There are three types of bankruptcy: Chapter 7, Chapter 11 and Chapter 13. If one doesn’t suit the situation, another is probably a good option. Many individuals and businesses interested in filing contact an expert in bankruptcy requesting a black and white answer to the common question, “Should I file or not?”
The difficulty with black and white answers is that so many questions have multiple answers. You probably won’t be surprised that this question definitely doesn’t have black and white answers. In some situations, the answer is obvious. One person may definition benefit from filing bankruptcy. The next person might definitely NOT benefit. Then there are the many who COULD benefit from filing for bankruptcy.
The person who could file for bankruptcy protection, but doesn’t actually HAVE to:
Sadie is a medical student. She has accumulated $20,000 in credit card debt. She also has over $100,000 in school loans. She’ll be graduating in 2 months at which point she’ll have to start making payments on her student loans. Sadie is a lucky one and she has already landed a job at a thriving family practice. She’ll be making $160,000 per year. But she’s still worried about her ability to get out of debt. She is wondering if filing for Chapter 7 bankruptcy might be a good idea because she probably won’t be eligible once she starts her new job.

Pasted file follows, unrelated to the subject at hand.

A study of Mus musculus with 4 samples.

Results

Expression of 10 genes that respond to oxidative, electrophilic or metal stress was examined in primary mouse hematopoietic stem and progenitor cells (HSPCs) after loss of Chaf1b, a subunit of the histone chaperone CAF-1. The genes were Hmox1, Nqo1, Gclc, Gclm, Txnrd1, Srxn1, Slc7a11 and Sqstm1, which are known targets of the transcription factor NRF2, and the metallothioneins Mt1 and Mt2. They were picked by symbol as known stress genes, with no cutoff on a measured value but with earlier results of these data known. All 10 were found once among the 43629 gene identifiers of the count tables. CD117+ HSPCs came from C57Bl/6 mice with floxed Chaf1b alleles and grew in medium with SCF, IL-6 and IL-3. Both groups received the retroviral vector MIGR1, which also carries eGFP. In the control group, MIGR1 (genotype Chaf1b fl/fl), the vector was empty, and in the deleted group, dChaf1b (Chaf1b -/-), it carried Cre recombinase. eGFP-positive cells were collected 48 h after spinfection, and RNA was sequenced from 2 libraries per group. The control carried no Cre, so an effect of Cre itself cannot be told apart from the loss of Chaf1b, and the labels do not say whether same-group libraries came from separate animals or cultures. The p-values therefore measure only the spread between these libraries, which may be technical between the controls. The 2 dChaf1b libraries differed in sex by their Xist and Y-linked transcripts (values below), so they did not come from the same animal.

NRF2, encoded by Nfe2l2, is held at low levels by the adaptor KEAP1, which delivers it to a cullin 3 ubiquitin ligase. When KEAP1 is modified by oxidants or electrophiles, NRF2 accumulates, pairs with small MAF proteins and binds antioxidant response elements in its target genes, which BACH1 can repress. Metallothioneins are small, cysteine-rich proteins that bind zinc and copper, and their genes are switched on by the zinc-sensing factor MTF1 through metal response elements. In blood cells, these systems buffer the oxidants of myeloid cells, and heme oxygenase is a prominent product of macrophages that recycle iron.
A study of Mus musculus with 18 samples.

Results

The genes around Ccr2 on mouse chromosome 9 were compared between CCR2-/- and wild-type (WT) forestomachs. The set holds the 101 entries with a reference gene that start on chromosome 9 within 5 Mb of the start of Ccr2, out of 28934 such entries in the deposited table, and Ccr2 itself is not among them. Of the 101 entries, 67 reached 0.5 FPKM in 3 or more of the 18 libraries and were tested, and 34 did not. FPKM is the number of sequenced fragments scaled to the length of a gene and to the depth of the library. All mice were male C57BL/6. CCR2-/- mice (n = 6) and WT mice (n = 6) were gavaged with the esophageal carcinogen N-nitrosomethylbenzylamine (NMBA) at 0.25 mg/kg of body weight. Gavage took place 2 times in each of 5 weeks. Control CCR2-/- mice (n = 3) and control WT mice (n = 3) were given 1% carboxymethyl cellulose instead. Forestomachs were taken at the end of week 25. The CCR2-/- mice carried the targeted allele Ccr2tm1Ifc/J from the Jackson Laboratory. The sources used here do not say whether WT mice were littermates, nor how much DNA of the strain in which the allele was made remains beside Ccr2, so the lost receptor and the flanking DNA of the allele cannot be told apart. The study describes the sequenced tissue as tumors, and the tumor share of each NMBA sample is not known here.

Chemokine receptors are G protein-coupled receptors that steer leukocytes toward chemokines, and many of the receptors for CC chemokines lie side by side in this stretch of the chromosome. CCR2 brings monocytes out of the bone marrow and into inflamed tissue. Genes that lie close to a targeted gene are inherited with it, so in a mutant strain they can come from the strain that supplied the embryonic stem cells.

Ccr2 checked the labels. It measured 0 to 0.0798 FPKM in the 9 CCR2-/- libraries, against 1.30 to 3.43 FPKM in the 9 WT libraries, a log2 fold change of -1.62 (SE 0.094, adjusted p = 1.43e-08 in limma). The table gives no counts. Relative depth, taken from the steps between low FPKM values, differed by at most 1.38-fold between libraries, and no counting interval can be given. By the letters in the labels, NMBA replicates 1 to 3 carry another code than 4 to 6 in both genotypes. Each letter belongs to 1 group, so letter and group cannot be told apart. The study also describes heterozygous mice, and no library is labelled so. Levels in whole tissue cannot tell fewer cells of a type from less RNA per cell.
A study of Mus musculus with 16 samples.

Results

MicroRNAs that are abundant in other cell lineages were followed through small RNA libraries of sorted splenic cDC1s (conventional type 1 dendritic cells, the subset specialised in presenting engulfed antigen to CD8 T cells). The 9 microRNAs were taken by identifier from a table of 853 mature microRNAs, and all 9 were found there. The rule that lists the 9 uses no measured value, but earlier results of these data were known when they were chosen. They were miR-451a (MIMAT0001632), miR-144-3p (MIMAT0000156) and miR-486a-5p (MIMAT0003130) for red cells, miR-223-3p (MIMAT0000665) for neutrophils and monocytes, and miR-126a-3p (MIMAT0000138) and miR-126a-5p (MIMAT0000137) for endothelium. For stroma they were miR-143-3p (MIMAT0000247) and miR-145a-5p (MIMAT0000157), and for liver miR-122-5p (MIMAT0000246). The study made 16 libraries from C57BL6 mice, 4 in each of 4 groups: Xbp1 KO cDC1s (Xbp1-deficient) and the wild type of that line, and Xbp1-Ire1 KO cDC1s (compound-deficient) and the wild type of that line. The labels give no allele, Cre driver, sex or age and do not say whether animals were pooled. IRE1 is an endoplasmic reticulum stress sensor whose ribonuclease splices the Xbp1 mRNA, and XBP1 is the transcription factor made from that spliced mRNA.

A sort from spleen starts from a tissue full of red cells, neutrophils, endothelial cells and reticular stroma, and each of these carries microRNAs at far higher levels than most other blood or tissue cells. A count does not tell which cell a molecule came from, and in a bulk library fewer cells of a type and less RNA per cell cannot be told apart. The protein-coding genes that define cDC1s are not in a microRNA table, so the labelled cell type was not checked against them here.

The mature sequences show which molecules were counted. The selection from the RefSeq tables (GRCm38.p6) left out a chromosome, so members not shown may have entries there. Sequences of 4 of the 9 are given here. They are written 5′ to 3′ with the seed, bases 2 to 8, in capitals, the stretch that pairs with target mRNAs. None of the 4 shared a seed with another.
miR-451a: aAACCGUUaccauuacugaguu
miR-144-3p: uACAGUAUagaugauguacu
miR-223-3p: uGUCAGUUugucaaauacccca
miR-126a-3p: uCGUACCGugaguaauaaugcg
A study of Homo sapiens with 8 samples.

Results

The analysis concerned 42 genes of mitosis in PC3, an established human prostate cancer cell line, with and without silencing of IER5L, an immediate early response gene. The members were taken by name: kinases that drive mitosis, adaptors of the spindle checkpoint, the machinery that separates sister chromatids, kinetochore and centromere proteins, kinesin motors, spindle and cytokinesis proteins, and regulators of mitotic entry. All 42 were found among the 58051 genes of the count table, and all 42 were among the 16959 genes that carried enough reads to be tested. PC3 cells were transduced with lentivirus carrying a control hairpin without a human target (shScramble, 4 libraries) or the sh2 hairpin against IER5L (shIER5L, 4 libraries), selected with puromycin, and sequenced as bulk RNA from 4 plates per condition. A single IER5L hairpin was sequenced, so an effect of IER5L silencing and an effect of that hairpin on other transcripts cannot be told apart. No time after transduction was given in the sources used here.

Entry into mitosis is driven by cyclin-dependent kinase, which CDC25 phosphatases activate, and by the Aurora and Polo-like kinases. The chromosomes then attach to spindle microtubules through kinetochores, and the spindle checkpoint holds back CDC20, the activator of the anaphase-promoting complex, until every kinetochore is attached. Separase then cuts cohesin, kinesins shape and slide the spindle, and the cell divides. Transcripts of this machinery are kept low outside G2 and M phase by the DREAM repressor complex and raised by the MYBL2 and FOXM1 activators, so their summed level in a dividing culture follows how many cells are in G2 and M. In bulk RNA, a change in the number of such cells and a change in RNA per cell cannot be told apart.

Sadie’s situation is tricky because as long as she doesn’t have an offer letter in hand with a start date for her new job, filing is an option and it would provide some benefits. She would gain relief from some of her credit card debt. On the other hand, Sadie’s student loans cannot be discharged. Regardless of what happens with her credit cards, she’ll still be stuck paying on the majority of her debt. The court will also likely frown upon her filing and decline to provide her with the desired discharge because she will soon have a good, regular income. Sadie could file bankruptcy and potentially receive a discharge of the smaller portion of her debt (but the portion with the higher interest rate in all likelihood).
OR it might be an even better idea for her to attempt to negotiate with her credit card companies to reduce her monthly payments temporarily until she starts her new job. This would most likely result in a short period of bad credit, but her credit would improve again once she started her new job and started making regular payments to bring down her balances.
If you need additional assistance determining whether or not bankruptcy is the right answer for your situation, contact the experts in southern California bankruptcy law at Westgate Law.